Respiratory Disease: New Equine Vaccine Targets ERAV
From today forward, horse owners and trainers are going to be hearing about a new vaccine–for a disease they don’t know much about…yet. Today Boehringer?Ingelheim?Vetemedica?Inc. introduced a new vaccine for Equine Rhinitis?A?Virus (ERAV).
According to the pharmaceutical company’s announcement, ERAV is a potentially overlooked causative agent of respiratory diseases affecting horses.
This disease, which affects both upper and lower airways, may be spread by contact through nasal secretions and aerosol inhalation.
ERAV has been isolated from Thoroughbred horses with acute respiratory disease in the United States, Canada, Australia, Japan and Europe, and it is emerging as an important disease in these regions.1 In a recent U.S. study, 73 percent of all sampled horses less than three years old exhibited serum-neutralizing (SN) antibodies to ERAV, and 90 percent of those four or older were positive.2
“Researchers are continuing to learn more about the prevalence of this disease,” says John Tuttle DVM, Boehringer’s senior associate director of equine professional and technical services. “Performance horses that are co-mingled, stabled, entering training and 1 – 2 years of age or older appear to be at risk.”
Early, specific diagnosis is the foundation of effective management of equine respiratory disease. Clinical signs associated with infection with ERAV may include fever, serous nasal discharge, coughing, abnormal lung sounds, anorexia, pharyngitis, lymphadenitis, increased tracheal mucus production, and occasionally, leg edema.
Infection is accompanied by?viremia?that develops three to seven days following infection and typically lasts for four to five days, with disappearance of virus from blood coinciding with onset of antibody production3.
Veterinarians should be careful not to confuse ERAV
with?rhinopneumonitis, or “rhino” (Equine Herpes Virus 1 and 4).
“The role of ERAV in causing acute respiratory disease in horses may be underestimated due to the lack of sensitivity of traditional diagnostic testing,” Tuttle says. “The virus can be detected from horses with acute,? respiratory?disease using virus isolation, PCR or paired SN assay testing.”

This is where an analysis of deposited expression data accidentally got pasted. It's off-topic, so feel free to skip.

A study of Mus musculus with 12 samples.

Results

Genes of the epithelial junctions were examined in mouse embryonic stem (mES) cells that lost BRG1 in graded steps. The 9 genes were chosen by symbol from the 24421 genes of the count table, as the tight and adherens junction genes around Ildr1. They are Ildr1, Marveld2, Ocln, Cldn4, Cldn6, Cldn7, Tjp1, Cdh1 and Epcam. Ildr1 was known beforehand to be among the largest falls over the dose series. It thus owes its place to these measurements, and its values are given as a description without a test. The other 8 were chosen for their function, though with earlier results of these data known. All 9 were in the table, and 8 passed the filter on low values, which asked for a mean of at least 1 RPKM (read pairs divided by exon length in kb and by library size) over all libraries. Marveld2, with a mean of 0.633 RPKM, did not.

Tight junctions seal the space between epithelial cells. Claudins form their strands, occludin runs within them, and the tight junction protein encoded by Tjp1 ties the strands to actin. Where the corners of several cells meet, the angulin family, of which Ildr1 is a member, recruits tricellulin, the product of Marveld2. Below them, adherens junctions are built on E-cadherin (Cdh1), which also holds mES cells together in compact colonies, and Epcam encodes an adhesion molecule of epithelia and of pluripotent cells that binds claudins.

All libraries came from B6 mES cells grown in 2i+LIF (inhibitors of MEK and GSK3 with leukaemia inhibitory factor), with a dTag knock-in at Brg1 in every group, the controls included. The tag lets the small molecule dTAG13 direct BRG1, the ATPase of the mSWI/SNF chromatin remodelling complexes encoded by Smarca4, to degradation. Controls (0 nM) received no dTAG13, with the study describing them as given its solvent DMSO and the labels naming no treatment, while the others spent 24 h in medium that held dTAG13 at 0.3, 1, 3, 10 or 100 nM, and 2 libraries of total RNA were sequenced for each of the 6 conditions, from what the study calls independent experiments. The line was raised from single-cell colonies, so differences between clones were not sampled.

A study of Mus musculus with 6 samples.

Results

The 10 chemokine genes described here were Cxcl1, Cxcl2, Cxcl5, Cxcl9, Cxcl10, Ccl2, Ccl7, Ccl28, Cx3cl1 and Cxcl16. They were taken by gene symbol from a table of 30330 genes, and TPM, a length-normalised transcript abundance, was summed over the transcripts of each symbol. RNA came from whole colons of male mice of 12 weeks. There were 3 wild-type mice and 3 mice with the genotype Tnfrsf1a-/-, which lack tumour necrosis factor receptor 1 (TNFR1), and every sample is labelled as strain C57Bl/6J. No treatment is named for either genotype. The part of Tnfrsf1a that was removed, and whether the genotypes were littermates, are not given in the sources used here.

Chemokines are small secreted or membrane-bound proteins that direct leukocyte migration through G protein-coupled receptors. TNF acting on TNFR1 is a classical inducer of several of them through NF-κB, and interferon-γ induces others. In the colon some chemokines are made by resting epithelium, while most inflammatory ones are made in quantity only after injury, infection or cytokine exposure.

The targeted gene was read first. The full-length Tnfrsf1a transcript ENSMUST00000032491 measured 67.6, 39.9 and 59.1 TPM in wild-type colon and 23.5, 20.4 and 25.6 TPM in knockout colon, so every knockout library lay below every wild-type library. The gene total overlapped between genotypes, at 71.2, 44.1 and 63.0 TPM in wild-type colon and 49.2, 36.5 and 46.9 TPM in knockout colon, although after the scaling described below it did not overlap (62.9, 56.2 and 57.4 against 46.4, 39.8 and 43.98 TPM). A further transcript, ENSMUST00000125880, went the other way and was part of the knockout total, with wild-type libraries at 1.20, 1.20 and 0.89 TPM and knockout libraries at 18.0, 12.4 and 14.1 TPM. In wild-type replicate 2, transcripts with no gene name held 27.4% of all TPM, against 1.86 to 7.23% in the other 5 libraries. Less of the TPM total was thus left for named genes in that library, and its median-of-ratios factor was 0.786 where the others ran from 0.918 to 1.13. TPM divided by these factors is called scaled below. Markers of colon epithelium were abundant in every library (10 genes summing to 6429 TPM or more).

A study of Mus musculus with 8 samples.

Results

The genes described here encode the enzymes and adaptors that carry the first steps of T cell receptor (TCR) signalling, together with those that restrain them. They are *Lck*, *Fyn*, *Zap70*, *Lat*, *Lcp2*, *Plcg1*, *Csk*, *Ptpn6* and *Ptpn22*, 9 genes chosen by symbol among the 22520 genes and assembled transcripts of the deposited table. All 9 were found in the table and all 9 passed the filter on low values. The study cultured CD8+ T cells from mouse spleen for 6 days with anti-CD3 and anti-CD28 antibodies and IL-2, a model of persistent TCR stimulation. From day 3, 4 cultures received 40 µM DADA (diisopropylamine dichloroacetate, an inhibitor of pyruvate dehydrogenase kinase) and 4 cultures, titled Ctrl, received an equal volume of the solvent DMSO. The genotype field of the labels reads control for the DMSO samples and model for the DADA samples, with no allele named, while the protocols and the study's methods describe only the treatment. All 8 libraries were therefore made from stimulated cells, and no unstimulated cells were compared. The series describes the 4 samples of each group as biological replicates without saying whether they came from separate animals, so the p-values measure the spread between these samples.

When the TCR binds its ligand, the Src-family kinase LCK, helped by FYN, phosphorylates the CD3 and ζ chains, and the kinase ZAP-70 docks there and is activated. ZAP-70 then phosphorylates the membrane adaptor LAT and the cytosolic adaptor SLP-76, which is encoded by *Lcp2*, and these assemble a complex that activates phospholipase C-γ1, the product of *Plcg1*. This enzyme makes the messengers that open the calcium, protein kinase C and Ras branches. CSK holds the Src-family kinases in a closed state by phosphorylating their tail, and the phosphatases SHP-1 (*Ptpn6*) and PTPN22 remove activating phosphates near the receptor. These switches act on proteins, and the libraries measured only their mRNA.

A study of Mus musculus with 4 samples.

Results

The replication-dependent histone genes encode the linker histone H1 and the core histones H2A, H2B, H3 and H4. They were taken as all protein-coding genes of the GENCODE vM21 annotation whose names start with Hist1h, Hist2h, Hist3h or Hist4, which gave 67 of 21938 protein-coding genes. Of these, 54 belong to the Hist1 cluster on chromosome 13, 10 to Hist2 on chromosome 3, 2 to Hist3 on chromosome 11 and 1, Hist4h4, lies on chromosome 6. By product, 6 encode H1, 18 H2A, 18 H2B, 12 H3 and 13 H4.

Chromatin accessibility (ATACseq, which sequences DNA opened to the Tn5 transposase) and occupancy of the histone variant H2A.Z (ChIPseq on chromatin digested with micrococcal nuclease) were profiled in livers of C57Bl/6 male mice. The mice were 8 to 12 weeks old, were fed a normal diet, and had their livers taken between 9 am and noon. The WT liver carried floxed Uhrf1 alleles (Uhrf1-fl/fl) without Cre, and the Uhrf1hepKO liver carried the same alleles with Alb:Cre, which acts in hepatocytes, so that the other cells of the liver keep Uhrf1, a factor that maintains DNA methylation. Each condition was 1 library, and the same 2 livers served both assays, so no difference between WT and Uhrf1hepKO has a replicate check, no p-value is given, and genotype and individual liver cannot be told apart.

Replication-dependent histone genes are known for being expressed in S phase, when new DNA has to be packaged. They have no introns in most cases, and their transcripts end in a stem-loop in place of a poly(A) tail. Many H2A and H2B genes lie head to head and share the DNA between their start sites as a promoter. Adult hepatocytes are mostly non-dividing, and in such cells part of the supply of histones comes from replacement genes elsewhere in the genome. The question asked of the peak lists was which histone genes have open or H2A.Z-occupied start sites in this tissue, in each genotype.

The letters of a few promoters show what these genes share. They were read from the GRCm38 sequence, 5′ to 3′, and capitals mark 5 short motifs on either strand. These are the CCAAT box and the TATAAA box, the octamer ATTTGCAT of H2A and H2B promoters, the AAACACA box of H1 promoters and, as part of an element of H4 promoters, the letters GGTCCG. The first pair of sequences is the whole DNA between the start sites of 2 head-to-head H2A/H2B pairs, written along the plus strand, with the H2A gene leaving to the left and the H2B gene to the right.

The USDA has granted BIVI a conditional license for a product to protect against Equine Rhinitis?A?Virus.?A conditional license is eligible for consideration when it is demonstrated that there is a need in the field for such a product. The data required for a conditional license includes demonstration of a reasonable?expectation?of efficacy, acceptable safety and purity requirements as fully licensed products. Efficacy and potency test studies are in progress. A conditionally licensed vaccine may be distributed as authorized in each state, and used by, or under the supervision of veterinarians.
“Obviously, any number of factors can contribute to respiratory diseases in horses, which is why ERAV can be so difficult to diagnose,” Tuttle says. “We are committed to helping veterinarians and horse owners understand this disease and learn more about the effectiveness of vaccination.”
To learn more:
This vaccine is brand new, and more information about the importance of protecting horses against ERAV will surely follow. In the meantime, to find out more about ERAV diagnosis and vaccination, please contact?Boehringer?Ingelheim?Veterinary Technical Services at?866-638-2226 or pursue the references for this article:
1 Warner S, Hartley CA, Stevenson RA,?Ficorille?N,?Varrass?A,?Studdert?MJ, and?Crabb?BS: Evidence that Equine Rhinitis A Virus VP1 Is a Target of Neutralizing Antibodies and Participates Directly in Receptor Binding, Journal of Virology, 75, 2001.
2 Holmes DF,?Kemen?MJ,?Coggins?L: Equine rhinovirus infection; serologic evidence of infection in selected United States horse populations, Princeton, NJ, 1978 Veterinary Publications.
3 Plummer G, Kerry JB: Studies on an equine respiratory virus, Vet Rec 74: 967 – 970, 1962.